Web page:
What is Covered in a Prenuptial Agreement in New York
Prenuptial agreements are among some of the most misunderstood contracts. That's because people assume that these legal documents are designed solely to protect the marriage partner who brings more assets to the union. The reality is that a prenuptial agreement in New York can cover separate assets as well as numerous other issues. Contact the Sabra Law Group to learn more.
A prenuptial agreement can be an ideal contract for preserving inheritance rights for children from a previous marriage. While a will could certainly define heirs and inheritances, it doesn't hurt to include similar information in the prenuptial agreement. This way, both partners understand each other's wishes, and there will be less uncertainty and disagreement if one of the spouses passes away.
Prenups are also used to determine how businesses will be managed. Whether one spouse or both are involved in the operation of a business venture, the agreement can help to define how the business is run and any banking details. A prenuptial agreement may be even more essential when both spouses run different businesses as it can specify that the two businesses will remain separate entities. This is often a concern for those companies that have investors and other partners.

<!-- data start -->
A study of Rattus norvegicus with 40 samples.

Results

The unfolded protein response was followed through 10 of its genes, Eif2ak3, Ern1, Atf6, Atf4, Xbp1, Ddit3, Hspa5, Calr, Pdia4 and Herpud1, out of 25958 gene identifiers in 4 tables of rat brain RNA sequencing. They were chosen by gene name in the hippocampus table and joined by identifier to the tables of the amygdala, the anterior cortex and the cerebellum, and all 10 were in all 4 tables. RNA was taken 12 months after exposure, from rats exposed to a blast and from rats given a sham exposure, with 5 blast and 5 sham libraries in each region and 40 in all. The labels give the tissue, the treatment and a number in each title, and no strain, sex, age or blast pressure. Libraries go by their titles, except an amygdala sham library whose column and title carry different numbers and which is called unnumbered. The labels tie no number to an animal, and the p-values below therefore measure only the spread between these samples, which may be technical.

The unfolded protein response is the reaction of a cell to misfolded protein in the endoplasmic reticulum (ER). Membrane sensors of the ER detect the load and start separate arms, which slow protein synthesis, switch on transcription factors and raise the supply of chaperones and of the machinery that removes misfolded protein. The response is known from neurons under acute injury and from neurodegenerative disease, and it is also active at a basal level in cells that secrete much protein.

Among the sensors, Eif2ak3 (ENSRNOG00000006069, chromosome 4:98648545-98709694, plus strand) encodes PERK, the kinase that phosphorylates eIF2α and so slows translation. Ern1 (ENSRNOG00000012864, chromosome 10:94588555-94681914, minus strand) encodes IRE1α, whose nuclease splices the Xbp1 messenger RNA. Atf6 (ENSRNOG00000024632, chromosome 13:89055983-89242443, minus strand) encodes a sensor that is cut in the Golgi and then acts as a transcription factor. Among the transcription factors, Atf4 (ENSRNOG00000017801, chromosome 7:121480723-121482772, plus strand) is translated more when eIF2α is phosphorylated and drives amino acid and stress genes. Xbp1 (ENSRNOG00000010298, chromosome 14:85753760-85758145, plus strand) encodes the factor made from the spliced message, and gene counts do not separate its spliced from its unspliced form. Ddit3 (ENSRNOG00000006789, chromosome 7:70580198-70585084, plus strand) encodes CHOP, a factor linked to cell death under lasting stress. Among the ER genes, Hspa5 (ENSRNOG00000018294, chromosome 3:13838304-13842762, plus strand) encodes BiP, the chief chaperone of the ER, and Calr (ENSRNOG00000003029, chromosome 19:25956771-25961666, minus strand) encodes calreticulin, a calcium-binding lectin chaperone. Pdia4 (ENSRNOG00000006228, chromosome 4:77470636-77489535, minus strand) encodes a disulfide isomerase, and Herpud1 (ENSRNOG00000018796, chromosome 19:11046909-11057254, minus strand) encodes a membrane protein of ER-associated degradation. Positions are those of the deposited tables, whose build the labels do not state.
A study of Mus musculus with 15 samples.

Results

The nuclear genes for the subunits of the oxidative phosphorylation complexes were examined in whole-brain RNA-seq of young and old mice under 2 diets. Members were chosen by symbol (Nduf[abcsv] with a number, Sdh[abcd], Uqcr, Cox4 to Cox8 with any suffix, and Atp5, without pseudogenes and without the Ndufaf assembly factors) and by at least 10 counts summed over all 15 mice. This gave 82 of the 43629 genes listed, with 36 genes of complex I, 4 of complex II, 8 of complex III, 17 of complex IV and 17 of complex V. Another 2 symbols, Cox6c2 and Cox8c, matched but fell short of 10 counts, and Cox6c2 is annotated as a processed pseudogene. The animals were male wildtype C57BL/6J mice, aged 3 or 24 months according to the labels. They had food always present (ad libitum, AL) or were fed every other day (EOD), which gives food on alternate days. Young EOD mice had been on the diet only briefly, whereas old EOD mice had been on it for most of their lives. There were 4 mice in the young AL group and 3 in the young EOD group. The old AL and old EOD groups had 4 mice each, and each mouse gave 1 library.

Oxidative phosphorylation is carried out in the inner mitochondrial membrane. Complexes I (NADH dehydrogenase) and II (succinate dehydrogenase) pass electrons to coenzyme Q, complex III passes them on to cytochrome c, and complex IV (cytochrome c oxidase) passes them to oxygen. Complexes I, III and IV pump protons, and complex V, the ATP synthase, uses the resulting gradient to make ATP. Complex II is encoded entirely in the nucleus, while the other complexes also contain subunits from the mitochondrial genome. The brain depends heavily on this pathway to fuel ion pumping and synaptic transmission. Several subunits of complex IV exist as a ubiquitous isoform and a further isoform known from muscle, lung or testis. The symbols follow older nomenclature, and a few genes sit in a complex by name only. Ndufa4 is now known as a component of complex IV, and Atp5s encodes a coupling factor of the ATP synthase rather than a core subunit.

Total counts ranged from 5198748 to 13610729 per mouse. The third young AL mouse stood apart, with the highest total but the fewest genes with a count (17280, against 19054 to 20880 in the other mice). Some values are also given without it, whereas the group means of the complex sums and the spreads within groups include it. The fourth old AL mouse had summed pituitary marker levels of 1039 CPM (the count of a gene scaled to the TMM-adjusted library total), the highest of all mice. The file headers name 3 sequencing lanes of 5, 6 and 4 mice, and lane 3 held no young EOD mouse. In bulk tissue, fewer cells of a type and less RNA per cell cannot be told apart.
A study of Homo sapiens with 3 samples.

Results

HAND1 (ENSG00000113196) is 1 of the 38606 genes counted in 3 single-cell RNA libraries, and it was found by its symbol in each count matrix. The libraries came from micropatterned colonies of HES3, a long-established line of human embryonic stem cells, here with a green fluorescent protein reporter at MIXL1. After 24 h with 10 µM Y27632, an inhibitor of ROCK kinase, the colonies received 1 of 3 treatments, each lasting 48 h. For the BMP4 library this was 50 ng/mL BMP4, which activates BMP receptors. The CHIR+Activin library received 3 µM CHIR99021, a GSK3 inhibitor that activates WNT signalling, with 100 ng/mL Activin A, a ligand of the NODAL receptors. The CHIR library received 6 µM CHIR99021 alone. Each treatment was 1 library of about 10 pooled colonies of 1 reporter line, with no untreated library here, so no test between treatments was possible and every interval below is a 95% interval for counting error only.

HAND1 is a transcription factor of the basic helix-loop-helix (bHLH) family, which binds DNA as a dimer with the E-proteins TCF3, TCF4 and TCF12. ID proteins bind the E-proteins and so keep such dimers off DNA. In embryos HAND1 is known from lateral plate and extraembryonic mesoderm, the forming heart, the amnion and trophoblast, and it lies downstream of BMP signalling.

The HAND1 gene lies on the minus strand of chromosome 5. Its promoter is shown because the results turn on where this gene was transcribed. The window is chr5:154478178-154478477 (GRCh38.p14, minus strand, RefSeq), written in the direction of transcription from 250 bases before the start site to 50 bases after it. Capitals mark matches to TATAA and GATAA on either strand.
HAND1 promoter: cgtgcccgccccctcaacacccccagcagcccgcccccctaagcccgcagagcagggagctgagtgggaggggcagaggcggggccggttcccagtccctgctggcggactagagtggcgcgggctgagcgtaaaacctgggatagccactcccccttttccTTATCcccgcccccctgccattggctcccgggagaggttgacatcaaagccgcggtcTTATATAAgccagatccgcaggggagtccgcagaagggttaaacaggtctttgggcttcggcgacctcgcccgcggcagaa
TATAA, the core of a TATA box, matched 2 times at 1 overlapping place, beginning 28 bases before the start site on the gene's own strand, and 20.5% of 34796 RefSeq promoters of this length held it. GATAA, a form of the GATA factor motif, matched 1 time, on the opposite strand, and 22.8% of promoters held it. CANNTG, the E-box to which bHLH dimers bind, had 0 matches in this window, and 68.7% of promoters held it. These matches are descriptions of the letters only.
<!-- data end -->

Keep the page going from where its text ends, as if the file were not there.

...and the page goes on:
Spouses can also agree to how they will manage their finances in a prenup. Perhaps they will decide who will manage daily banking responsibilities or define contributions to savings or retirement accounts. The agreement could keep retirement account proceeds separate from each other in the event of a divorce. Perhaps the prenuptial agreement will contain information about financial responsibilities that will be assumed by each partner. For instance, one partner may shoulder the mortgage and utility payments while the other will manage spending for groceries, household bills and discretionary income.
While many prenuptial agreements are designed to protect a partner who enters a union with significant assets, sometimes these agreements are designed to protect spouses against substantial debt. If one partner comes to the marriage with a combined total of $75,000 in debts while the other partner has no notable debts, then the partner with the debt may want to assume ongoing responsibility for the payments. Thus, the prenuptial agreement would include a provision that says that the debt continues to belong to that spouse, and that in the event of a divorce, the other partner will have no responsibility for it.
A prenuptial agreement in New York can take many forms. Call (646) 472-7971 to speak with the Sabra Law Group today.